KFC is definitely finger lickin’ good stuff for the foodies. This can be asserted by the number of KFC outlets around the globe. The chicken has been in food fashion since 1930.

Let’s clock back the time to know more about the story behind the KFC logo. No wonder if you didn’t know who the man was on the KFC logo. It is the founder of the greatest food chain called KFC. Now lets know the man behind this prominent brand better! 

All about the messy legend: 1930 – 1952


The fried chicken took birth:


As he grew up to be a lad of 13, he left home in search of success. He took up various jobs and finally by the year 1930, saved enough to buy a Shell fuel-filling station on US Route 25. This route was just outside North Corbin, Kentucky. At the fuel-station, for the first time, he served his delicious chicken recipes that he had learned at home while growing up. The fried chicken, steaks and country ham tickled the taste buds of his customers. Business grew, so much that he could manage to buy a larger fuel-filling station on the other side of the road. His popularity kept growing for the taste and the service rendered at his fried chicken outlet. In 1936, Governor Ruby Laffoon, gave an honorary title of ‘Kentucky Colonel’ to Sanders. 


1937 was the year when he further expanded his restaurant to 142 seats from the mere 6 tables. Sanders, even went on to add  motel across the street to his restaurant business. He called this the “Sanders Café”.

By the year 1940, Sanders formulated his ‘original fried chicken recipe’. He never came public with his recipe, but it is often rumored to contain much more than just salt and pepper. In the year 1950, Sanders began to dress up like a Colonel, the name he earned as an honorary title. Soon, he began calling himself as ‘Colonel’. His friends went along with his pretend-play, but gradually began addressing him as ‘Colonel’ earnestly.

Sanders sold his properties and began travelling all over the US to earn franchises for his chicken recipes. In 1952, he franchised his brand to his dear old friend Pete Harman of South Salt Lake, Utah. A sign painter called Don Anderson was hired by Harman. Anderson was the man who first coined the name ‘Kentucky Fried Chicken’ aka ‘KFC’.

The word ‘Kentucky’ gave Harman an edge over the competition. It evoked a more exotic feel when savoring the chicken. Also, the word became associated an image of Southern America’s hospitality in the customer’s mind. Soon, the term, ‘It’s finger lickin’ good’, was trademarked by Harman.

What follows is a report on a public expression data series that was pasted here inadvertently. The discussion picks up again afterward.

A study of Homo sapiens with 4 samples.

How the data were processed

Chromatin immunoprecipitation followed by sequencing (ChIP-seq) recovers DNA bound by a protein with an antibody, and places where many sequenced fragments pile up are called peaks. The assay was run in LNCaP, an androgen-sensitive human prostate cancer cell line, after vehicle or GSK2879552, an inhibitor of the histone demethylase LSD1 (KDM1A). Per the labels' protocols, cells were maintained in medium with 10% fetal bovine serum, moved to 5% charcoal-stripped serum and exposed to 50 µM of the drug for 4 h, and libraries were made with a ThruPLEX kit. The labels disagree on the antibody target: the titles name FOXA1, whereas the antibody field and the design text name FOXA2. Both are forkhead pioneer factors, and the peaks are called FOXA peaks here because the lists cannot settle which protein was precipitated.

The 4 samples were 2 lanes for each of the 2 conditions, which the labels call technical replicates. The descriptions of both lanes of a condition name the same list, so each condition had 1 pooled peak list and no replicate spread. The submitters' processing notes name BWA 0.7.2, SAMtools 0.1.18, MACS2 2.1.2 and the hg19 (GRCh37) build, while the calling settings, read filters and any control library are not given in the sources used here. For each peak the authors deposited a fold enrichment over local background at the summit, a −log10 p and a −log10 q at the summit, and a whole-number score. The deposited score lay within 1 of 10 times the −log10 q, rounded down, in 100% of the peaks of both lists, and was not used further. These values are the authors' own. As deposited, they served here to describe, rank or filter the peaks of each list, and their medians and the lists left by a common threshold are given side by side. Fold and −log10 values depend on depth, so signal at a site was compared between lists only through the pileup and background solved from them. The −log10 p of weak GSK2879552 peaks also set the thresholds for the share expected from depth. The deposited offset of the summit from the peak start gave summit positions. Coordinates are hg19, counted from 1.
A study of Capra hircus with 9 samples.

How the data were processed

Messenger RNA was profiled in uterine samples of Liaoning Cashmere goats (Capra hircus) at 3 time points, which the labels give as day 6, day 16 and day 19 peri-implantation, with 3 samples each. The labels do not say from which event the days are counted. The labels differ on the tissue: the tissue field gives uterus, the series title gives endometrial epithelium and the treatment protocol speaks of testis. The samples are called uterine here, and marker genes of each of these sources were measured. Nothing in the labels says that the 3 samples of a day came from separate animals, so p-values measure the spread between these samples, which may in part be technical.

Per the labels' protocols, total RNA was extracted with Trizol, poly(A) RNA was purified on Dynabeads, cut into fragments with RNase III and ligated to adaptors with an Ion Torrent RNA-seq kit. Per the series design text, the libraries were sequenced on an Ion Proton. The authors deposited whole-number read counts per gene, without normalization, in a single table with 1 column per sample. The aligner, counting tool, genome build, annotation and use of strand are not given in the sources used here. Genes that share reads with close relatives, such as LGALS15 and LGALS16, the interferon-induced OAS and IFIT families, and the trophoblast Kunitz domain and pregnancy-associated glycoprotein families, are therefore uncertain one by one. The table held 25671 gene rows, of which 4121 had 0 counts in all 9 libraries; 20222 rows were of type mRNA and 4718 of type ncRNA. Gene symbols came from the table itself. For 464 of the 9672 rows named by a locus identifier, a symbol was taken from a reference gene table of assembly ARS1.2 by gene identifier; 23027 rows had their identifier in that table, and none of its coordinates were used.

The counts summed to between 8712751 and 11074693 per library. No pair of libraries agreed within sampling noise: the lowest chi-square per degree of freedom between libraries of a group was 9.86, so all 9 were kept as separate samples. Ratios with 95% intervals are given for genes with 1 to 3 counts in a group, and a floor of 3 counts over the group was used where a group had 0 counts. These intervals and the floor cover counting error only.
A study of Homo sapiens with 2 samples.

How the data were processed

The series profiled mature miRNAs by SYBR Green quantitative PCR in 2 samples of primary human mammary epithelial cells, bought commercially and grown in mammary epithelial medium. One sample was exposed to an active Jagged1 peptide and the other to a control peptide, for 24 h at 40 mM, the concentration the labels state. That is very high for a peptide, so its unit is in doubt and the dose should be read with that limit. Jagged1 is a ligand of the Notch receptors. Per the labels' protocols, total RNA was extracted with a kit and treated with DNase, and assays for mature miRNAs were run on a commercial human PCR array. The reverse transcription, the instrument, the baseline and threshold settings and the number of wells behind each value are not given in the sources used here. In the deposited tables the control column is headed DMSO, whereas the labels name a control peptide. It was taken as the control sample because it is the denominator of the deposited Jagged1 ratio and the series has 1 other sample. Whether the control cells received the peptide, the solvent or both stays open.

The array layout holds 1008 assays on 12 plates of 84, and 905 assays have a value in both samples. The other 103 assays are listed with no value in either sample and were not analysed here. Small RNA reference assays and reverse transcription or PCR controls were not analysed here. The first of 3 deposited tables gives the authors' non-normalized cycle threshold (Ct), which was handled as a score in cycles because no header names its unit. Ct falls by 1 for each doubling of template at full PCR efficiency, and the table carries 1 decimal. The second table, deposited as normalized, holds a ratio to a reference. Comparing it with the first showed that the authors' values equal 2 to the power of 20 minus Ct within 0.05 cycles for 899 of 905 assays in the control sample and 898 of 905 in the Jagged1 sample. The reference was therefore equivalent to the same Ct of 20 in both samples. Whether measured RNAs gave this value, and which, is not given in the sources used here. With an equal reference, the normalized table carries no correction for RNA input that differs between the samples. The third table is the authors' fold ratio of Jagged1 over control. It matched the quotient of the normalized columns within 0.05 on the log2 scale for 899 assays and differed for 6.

The KFC logo design had Colonel Sanders himself in his white coat and black bow tie. The text books having the rules for designing logos, do not encourage the use of a human face. However, the rule was overtaken in this brand as it turned out to be one of the most well-known and easily recognizable logos of all time.

The logo in 1952 had ‘Kentucky Fried Chicken’ written in a fancy fashion in black with the face of Sanders in his indigenous-style and black bow tie placed right at the end of the company name. 



The logo underwent changes with the use of a different typeface for the trademark that appeared larger than before. The colonel’s smiling face was now placed next to the words written on the left. 



During the 90s, the world was waking up to healthy eating habits and the word ‘fried’ in the name sounded quite, um, fattening. In order to appear more healthy and not just a mere tasty, junk food, the company decided to change its name. They adopted the name ‘KFC’ as the intitals were already a well-known trademark worldwide. 



The logo again underwent a huge big change in 1997. It had the colonel  sporting in his white coat with black bow tie and smiling more pleasantly than before. The face was placed on a red background and ‘KFC’ written in a smaller typeface at the bottom right hand corner. 



2007 – Current:







The new logo introduced in 2007, in which the colonel had changed his attire. He now wore a red apron with the red background shaped like the ‘KFC Bucket’. You would now even sight a tagline “sogood” along with the KFC logo.

Do you want to  know more about the KFC man still living as a legend  in the logo?  Here is  a graphic presentation to get more acquainted with the intricacies and meaning of the logo sketch:


 Know more KFC facts:

  1. The making of this delicious fried chicken uses 11 secrect spices and hearbs and was invented during 1940.
  2. The slogan ‘It’s finger lickin’ good’ was invented during 1950’s by Ken Harbough, KFC manager, and it is still used after more than 50 years.
  3. The slogan ‘finger-licking good’ when translated into Mandarin (Chinese), sounded like ‘eat your fingers!’. It doesn’t sound tasty, right!
  4. It was during 1952, that the first bucket of KFC was sold.
  5. KFC brand is sold in more than 18,000 restaurants  in above 110 countries across the world .
  6. One set of white suit, bow tie black clip of Sanders were sold during an auction on 2013, June 22. Can you guess the price? It was $21,510.
  7. Indo-American Muktesh Pant, an ex-IITian, currently holds the position of the CEO of KFC. 

KFC Logo timeline: 

  KFC_LogoTimeline   Click to expand 

KFC is the perfect example showcasing a unique concept that worked as the company’s logo. Who would have imagined the creators face can be turned into not just a logo, but one of the most successful logo designs. The colonel’s face helps the customers connect with the brand instantly. It’s time for me to dig into my bucket of chicken. Ain’t it more than just ‘finger lickin’ good’?